How it all began

In the mid-1960's the late Lawrence John Teye, then a teacher at Accra Girls' Secondary School, started a club, the JOHN TEYE MATHS & MUSIC CLUB, in his residence at Kotobabi, a suburb of Accra. This club offered maths and piano lessons, after school, to the wards of some of the richest families in Accra at the time. After all it was one of those families that had sold the idea of starting such a club to Mr. Teye in the first place.

It did not take long, however, for Lawrence John Teye, true to his nature, to throw the doors of the club wide open to the general public.

Soon, his residence was literally turned into a "school after school". Every afternoon, Monday to Friday, up to about 80 pupils from different primary and preparatory schools converged there, not only for maths and music lessons this time, but also for help in other subjects too. The numbers got even bigger during school vacations when their siblings and friends from senior high schools both far and near also came to join the happy family for vacation classes.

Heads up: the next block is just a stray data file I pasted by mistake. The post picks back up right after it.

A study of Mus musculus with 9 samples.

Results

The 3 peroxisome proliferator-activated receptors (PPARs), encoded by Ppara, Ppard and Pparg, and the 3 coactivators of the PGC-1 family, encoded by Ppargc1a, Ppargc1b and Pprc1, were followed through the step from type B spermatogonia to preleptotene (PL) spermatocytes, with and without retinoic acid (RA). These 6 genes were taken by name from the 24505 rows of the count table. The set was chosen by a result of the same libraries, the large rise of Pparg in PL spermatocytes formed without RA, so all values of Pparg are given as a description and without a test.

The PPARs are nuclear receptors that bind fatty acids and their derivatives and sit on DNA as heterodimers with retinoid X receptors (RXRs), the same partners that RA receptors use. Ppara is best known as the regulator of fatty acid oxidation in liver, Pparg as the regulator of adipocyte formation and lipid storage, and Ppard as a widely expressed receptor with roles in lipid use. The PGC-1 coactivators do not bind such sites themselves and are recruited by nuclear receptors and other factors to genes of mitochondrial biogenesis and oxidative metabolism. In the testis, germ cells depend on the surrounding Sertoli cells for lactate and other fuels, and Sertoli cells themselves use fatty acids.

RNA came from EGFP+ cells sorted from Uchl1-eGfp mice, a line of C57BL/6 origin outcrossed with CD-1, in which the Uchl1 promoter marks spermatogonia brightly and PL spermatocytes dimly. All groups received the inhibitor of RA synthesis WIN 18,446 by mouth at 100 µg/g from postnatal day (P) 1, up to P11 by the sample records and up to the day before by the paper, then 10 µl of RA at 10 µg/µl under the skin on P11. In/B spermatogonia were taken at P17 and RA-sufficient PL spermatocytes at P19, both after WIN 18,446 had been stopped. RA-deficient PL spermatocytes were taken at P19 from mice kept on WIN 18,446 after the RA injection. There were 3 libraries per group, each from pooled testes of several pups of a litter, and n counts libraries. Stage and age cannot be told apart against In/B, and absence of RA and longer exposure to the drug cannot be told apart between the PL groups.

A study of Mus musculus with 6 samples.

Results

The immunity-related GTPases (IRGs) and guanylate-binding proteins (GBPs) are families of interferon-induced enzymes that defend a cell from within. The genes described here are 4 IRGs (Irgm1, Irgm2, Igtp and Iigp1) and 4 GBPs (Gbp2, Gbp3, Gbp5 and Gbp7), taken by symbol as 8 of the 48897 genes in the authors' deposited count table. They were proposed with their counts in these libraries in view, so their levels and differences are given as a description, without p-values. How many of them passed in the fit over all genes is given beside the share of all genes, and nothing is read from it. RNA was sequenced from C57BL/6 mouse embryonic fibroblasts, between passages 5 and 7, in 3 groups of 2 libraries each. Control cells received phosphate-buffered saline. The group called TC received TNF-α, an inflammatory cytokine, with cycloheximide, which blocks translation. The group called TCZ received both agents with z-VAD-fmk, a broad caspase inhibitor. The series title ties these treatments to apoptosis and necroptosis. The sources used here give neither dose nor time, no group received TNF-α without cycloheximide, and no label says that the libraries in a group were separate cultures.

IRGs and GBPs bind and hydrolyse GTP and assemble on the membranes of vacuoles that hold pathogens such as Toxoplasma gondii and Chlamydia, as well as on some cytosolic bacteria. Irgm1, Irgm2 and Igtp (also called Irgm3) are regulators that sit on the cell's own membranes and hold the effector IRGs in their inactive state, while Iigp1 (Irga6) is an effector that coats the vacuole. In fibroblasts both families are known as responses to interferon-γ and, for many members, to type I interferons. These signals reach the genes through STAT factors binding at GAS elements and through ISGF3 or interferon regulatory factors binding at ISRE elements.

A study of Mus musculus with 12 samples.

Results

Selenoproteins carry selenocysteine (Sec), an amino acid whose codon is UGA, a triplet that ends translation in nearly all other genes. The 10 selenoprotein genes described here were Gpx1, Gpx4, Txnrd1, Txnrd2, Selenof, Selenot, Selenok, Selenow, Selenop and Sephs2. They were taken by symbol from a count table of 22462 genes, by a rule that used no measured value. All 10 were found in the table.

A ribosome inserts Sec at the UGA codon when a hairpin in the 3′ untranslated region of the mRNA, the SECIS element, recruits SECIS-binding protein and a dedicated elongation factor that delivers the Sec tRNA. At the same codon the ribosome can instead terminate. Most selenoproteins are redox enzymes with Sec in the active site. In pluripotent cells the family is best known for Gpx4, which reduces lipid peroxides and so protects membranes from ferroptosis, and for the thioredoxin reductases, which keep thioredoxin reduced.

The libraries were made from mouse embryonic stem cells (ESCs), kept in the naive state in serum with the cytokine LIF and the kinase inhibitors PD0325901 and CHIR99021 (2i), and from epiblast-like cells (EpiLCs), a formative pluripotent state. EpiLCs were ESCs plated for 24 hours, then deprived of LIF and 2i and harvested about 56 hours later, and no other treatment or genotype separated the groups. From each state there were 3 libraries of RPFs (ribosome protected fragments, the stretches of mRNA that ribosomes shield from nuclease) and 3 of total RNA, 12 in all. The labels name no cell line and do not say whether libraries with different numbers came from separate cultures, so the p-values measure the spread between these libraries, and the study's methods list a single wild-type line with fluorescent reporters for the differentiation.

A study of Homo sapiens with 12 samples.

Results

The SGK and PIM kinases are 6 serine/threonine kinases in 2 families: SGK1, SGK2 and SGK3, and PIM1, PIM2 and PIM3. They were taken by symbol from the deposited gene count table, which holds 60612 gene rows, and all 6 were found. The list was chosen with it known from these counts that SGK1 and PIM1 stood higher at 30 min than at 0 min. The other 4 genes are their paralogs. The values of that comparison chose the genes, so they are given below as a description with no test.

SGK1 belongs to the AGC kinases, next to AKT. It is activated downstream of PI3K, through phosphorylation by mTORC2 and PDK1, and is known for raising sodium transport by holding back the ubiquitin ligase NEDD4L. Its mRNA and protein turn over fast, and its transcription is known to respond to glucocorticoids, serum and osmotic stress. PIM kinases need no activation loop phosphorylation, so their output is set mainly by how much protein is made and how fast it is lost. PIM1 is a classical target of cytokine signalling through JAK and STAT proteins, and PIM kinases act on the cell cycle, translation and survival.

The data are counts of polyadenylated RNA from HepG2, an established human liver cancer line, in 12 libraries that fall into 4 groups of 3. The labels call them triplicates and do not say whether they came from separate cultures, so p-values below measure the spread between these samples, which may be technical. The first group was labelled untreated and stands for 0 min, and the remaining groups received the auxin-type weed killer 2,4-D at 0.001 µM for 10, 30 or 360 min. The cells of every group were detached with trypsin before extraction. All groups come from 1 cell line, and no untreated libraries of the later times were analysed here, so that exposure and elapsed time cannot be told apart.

The impact that the club made on the academic and moral lives of members was tremendous. Back in their 'original' schools, most of them became the cream of the crop and, with their newly acquired piano and 'math-speaking' skills, they also became the envy of their colleagues.

Such obvious evidence of the club's success, coupled with members' regular breathtaking live concerts and TV appearances, made demand for membership hit the ceiling.

It came as no surprise, therefore, when, in October 1973, the inevitable and long awaited announcement - the transition from club to school - was made by Lawrence John Teye.

The "John Teye Maths and Music Club" had finally given way to the "REV. JOHN TEYE MEMORIAL INSTITUTE".